Resentments remain over pay increase for state lawmakers
Democratic state legislators are beginning the new year with some resentment toward Democratic Gov. Andrew Cuomo over a deal that gives them a big raise — but comes with several strings attached.
In March 2018, Cuomo and the Legislature agreed to set up a pay commission to examine the salaries of senators, Assembly members and the governor, who had not seen a raise in 20 years. The deal permitted the commission to have the final say on whether pay would go up, so lawmakers would not be required to cast a potentially unpopular vote to raise their own salaries.
The commission issued its report in mid-December and granted a $50,000 raise for state legislators to be phased in over three years, giving lawmakers a $130,000 salary by 2021. However, it said the increase should be dependent on some changes made in the Senate and Assembly.
The commission recommended that dozens of stipends awarded to lawmakers who serve on committees and in leadership posts be eliminated, and that outside income be restricted to 15 percent of total salary, like the rules in place in the U.S. Congress.
The commission also recommended a phased-in salary hike for the governor, from $179,000 to $250,000, as well as a pay increase for his top commissioners, but did not impose similar restrictions on Cuomo or the commissioners. That angered Assembly Speaker Carl Heastie.
“For some reason, they decided to only put these stipulations on the Legislature and not the governor,” Heastie said in December.
Cuomo said in late December that he believes lawmakers should not earn any significant amount of outside income and he has proposed bills to ban it. Former Assembly Speaker Sheldon Silver and former Senate Leader Dean Skelos face prison time relating to abuses of their power to illegally gain millions in outside income.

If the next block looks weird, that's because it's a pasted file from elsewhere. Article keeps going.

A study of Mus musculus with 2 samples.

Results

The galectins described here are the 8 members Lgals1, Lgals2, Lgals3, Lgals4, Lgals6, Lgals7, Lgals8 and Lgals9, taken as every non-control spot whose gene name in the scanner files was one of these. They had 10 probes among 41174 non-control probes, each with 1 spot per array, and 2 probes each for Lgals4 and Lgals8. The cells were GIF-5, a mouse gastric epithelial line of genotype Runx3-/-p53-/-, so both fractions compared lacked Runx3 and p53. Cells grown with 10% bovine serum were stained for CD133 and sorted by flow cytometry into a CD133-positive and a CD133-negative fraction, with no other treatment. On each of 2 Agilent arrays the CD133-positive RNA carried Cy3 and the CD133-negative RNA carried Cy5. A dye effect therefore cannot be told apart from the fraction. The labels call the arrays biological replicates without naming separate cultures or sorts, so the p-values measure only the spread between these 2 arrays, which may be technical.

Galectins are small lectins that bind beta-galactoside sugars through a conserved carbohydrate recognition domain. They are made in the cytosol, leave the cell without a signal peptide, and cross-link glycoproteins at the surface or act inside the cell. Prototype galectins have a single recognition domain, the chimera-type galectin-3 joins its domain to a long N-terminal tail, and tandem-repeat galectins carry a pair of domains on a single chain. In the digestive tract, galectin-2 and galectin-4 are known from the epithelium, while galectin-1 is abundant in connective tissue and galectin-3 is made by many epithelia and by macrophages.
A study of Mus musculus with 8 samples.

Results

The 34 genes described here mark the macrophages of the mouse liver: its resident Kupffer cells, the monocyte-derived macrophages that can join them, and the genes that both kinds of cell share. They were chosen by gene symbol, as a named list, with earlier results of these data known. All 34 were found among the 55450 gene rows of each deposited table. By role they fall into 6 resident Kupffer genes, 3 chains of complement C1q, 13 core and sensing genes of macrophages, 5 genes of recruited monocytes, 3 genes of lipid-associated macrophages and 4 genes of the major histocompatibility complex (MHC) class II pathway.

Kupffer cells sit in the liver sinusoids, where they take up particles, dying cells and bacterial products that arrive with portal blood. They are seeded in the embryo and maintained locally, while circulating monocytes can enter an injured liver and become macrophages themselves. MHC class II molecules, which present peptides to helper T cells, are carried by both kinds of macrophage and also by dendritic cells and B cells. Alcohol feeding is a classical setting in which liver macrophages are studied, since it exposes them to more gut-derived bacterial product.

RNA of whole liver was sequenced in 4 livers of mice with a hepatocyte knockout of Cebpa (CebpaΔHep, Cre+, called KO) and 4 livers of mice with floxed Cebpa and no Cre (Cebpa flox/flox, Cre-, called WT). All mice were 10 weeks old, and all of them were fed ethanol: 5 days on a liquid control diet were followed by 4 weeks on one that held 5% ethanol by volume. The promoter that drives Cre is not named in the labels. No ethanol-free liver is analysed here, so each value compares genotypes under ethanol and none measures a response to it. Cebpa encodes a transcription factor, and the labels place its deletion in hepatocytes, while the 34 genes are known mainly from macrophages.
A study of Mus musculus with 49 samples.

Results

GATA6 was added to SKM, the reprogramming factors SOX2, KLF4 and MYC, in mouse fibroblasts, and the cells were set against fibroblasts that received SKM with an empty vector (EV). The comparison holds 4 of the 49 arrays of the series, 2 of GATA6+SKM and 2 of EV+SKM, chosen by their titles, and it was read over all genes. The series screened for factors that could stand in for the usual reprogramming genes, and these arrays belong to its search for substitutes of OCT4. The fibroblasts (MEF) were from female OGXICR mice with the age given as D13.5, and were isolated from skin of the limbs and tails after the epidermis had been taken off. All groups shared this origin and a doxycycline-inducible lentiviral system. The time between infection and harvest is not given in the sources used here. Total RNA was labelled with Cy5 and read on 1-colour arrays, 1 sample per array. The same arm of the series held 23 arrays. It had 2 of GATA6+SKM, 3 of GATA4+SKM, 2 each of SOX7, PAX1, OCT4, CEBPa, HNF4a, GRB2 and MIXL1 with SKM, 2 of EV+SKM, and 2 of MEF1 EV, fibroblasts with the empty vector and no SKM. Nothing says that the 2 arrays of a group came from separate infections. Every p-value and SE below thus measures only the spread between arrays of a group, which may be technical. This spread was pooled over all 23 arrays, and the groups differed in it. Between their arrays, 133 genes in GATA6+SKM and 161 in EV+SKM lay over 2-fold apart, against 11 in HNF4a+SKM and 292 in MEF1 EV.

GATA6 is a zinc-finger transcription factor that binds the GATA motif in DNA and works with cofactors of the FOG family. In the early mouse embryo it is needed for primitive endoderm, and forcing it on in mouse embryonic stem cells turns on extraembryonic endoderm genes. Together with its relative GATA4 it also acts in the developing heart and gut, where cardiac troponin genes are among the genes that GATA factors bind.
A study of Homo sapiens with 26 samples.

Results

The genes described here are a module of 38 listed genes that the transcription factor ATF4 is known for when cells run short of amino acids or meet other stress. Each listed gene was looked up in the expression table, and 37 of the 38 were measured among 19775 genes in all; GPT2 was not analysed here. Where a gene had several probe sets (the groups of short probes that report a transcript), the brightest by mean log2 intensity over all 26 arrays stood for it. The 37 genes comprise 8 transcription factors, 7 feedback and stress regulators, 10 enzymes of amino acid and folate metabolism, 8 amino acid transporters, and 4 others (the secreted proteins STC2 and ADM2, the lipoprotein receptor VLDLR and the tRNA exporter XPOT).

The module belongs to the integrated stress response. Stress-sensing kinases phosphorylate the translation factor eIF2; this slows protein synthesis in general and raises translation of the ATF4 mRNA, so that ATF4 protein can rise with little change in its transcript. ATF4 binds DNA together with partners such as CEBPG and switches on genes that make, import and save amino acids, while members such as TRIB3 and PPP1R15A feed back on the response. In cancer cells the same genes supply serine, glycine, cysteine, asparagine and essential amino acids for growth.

“I don’t believe legislators should make outside income; I think that is an inherent conflict of interest,” Cuomo said. “People get into trouble all the time for that.”
Cuomo said if lawmakers don’t like the pay commission’s ruling, then they are free to “step forward and look into the camera” and vote on something new.
Heastie has not been shy about publicly backing a pay raise for legislators. He was the only lawmaker to testify in person before the pay commission last fall. He made it clear at the time that he did not want the increases to be linked to any other items, even reform proposals.
“To agree to a specific piece of legislation is not something I am comfortable with doing,” Heastie said.
In a sign of lingering tensions, Heastie skipped the governor’s inaugural ceremony on Ellis Island on New Year’s Day. His spokesman did not give any reason for the speaker not attending the event.
Senate Democrats, who take over the chamber Jan. 9, have said they support the limits on outside income proposed by the pay commission.
Democrats aren’t the only ones uneasy with the pay commission’s recommendations. Republican Senate Leader John Flanagan accused Cuomo of breaking his word to legislative leaders.
Flanagan said in a statement that “the committee was never charged with weighing in on issues such as outside income, the elimination of stipends or changing the Legislature from part-time to full-time — and they were never even expected to discuss them.”
Flanagan said it’s up to the Legislature to decide how it operates and he contended it would take a constitutional amendment to make the changes recommended by the commission.
The pay commission decision has been challenged in court. The conservative-leaning Government Justice Center said the salary increase is unconstitutional, because it also “radically changes the rules surrounding serving in the state Legislature.”
If the Legislature does decide to vote to change the recommendations of the pay commission, any salary increase would be delayed until the year after the next elections, in 2021. That’s because under the state’s constitution, no sitting legislature can raise its own pay. They are only allowed to increase the salaries of future legislatures.